Have We Access To Free Statutes Yet?
A review of Legislation.gov.uk
Working in the legal environment you will understand the importance of access to up-to-date legislation. However, this can involve costly subscriptions and tedious administration. Legislation.gov.uk (LGUK) was launched by the National Archives in the summer of 2010 in order to provide open access to UK Legislation and their accompanying explanatory documents for everyone not just legal specialists. It replaced the OPSI website which had limited legislation dating from the late 1980s onwards. Is www.legislation.gov.uk worth using?
One of the biggest differences between the LGUK database and OPSI is that it contains amended, historical and original versions of the legislation. OPSI only held the original versions. This makes the database much more comparable with its commercial rivals such as Westlaw or LexisLibrary. It contains a lot more legislation dating back much further than OPSI ever did.
However, this new database is described by the National Archives as a ‘work in progress’ and so, unlike its commercial rivals, not everything is available.
As for secondary legislation, the National Archives are currently in the process of uploading to LGUK a large selection from 1948 onwards where this legislation is still in force.
So although there is a lot more legislation freely available than there used to be the only reliable record of the law of the land for now is still through expensive private services. This will change.
The ever-changing legal landscape means it has never been possible to offer completely up-to-date views of legislation, largely because of the editorial effort and costs involved.
Despite its budget constraints the National Archives’ aim is to publish legislation on LGUK simultaneously or at least within 24 hours, of its publication in printed form. Any document which is especially complex in terms of its size or its typography may take longer to prepare and so a PDF version will be published first.
The “Changes to Legislation” form provides access to lists detailing changes made by all legislation enacted from 2002 – present to the revised legislation held on the website. Although the aim is to update these as soon as possible (within 2 weeks) there is still sometimes a delay.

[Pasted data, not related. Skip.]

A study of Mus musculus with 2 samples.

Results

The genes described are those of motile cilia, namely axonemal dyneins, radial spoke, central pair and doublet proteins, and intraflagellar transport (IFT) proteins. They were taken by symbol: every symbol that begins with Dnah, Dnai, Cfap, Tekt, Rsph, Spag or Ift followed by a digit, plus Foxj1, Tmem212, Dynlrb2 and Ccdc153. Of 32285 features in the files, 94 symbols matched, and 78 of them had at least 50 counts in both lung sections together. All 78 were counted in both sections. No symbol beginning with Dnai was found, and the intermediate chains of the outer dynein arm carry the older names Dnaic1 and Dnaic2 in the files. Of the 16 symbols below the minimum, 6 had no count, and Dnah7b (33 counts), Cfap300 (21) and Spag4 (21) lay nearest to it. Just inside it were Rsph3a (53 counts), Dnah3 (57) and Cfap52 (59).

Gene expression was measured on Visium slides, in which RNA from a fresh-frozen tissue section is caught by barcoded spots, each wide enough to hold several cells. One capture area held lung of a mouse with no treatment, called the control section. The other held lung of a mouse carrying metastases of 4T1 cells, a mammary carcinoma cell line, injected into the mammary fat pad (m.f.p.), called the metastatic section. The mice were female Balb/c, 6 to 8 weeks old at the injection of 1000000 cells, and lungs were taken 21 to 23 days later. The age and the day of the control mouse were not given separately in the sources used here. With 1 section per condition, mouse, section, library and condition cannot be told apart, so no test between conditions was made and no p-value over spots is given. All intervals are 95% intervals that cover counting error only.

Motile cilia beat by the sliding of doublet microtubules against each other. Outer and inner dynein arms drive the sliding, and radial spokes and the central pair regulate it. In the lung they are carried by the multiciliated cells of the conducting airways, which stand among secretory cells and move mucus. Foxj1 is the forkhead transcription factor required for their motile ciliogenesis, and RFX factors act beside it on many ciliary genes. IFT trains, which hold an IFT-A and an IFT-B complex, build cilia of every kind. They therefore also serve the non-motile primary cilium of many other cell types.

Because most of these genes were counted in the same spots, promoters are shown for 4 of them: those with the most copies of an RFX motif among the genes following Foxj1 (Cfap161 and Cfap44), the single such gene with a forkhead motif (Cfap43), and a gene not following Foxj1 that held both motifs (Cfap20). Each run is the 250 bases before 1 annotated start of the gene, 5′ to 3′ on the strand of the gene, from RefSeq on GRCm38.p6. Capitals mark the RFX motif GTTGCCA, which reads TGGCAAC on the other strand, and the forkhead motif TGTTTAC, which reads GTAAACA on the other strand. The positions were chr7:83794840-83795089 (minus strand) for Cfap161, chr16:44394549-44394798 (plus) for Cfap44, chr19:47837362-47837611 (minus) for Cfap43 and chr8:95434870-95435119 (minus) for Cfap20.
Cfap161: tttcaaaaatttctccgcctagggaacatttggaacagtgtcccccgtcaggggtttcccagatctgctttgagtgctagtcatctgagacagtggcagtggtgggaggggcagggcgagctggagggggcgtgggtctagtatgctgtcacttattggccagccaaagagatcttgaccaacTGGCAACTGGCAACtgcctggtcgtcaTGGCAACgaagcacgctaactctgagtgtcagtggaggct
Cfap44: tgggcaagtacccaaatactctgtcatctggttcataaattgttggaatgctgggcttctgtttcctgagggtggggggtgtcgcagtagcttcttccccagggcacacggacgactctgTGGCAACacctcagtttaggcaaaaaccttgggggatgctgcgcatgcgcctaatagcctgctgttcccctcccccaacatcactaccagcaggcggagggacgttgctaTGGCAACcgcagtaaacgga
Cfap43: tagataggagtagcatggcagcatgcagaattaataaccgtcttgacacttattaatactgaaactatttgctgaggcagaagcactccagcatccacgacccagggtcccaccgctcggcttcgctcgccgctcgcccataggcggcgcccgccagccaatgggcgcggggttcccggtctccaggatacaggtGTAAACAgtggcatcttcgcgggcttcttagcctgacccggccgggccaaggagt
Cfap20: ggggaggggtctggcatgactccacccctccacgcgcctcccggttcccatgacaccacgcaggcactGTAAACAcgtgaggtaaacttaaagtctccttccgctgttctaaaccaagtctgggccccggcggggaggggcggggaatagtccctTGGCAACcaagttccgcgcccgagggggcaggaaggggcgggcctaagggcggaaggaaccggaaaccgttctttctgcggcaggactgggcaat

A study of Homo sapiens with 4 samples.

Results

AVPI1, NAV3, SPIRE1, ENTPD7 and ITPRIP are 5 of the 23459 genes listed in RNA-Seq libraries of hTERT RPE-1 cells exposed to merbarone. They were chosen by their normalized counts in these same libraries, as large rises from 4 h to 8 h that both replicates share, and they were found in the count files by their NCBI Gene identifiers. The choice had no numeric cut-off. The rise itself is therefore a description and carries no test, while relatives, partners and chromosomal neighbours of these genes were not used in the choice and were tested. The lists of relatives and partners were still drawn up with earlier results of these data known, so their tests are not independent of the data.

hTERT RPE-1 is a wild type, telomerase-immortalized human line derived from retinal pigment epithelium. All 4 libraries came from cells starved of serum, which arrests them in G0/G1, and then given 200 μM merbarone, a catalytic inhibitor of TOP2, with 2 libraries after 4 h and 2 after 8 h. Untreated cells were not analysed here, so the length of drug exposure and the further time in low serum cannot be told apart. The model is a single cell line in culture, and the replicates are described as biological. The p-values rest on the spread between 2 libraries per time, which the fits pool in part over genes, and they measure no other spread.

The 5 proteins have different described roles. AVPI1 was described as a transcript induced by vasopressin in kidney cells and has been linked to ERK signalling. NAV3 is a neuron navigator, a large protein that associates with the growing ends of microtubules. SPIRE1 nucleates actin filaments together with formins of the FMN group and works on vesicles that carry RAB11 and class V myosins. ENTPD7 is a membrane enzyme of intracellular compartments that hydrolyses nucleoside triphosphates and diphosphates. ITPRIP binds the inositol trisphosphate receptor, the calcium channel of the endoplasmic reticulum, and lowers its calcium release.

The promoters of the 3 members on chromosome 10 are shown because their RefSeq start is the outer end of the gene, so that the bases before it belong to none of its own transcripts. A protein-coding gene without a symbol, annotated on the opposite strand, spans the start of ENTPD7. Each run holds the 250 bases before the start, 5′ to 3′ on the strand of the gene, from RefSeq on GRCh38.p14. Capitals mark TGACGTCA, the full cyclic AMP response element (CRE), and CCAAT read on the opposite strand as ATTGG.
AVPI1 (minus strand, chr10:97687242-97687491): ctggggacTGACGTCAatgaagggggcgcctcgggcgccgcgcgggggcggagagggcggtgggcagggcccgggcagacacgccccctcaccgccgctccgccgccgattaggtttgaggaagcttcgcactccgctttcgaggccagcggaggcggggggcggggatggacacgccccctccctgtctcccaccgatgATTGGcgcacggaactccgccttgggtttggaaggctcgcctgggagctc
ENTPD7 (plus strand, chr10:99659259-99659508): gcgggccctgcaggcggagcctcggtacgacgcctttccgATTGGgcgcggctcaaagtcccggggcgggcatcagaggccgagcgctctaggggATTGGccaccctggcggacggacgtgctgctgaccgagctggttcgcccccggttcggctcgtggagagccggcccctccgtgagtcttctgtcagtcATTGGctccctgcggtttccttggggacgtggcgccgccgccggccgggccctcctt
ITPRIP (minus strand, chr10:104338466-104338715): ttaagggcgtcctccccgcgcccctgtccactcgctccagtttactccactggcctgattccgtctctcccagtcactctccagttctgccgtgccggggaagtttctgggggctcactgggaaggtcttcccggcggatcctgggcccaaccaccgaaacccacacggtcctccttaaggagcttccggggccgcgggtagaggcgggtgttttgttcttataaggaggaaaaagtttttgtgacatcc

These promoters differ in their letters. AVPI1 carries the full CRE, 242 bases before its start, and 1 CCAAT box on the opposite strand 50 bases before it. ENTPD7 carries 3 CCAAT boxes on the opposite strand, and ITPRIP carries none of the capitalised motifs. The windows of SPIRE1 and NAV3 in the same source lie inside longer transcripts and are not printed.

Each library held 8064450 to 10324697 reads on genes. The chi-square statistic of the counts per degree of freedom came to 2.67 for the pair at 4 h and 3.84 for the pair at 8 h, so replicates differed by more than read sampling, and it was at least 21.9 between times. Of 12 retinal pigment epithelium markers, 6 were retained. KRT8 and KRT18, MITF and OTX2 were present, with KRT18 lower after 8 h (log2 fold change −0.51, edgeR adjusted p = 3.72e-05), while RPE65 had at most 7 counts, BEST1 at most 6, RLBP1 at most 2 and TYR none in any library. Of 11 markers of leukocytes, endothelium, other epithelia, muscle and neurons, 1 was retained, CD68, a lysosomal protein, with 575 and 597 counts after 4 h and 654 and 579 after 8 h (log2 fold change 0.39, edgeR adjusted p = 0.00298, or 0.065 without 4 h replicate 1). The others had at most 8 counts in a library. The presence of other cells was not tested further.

To improve the situation the National Archives have launched an initiative called the Expert Participation Programme. This has seen them team up with trained editors from the private and voluntary sectors to help their in-house editorial team revise the legislation. The aim is to bring the database completely up-to-date by 2015. This is necessary because, although the in-house editorial team currently apply up to 10,000 legislative changes (called “effects”) to the database each year, the UK Parliaments and Assemblies continue to create new ones – about 15,000 effects annually!
Another strategy implemented by the National Archives is the development of improved editorial tools and processes, with greater use of electronic capture of legislation information. The new systems will make the revision of legislation faster and more flexible and enable editors to contribute remotely.
The database provides simple, direct and user friendly browsing access to legislation by type, year and number with both simple and advanced search functions. However, it is not currently possible to search all primary legislation on this site by subject even though you can browse secondary legislation in this way. Much less primary legislation is published each year than secondary legislation so this is not a major problem.
The search functionality is intuitive making it easy to find the legislation required. The only downside is that there are gaps in its content. For example, a few Acts such as the Taxation of Chargeable Gains Act 1992 is not available in its revised form. This means that it is sometimes necessary to consult their ‘Help’ section or ‘Guide’ to find out exactly what should be there and what shouldn’t.
Another point to bear in mind is that when accessing an item of primary legislation that has outstanding changes to be applied a warning notice appears at the top of the content to that effect. You can then open up a window to view the outstanding changes.
To help there are feeds which can be used to keep you-up-to-date and to follow draft legislation. This enables you to see when the website has added new content. By using the legislation feeds you can get details of the latest legislation as soon as it is published without having to check the new legislation page each day.
The biggest advantage of this database is that it is free to use!
The aim of this website is to provide free access to the UK’s legislation in an easy to use and timely manner. It does not yet replace its commercial rivals but it is an extremely useful tool. It is ideal for the less frequent researcher who is unable or unwilling to go to the expense of purchasing a subscription based product. In time it will be a real challenger to paid for services when it holds all the legislation on the statute book, contains fuller records and when its updates are added more quickly. There’s not long to wait!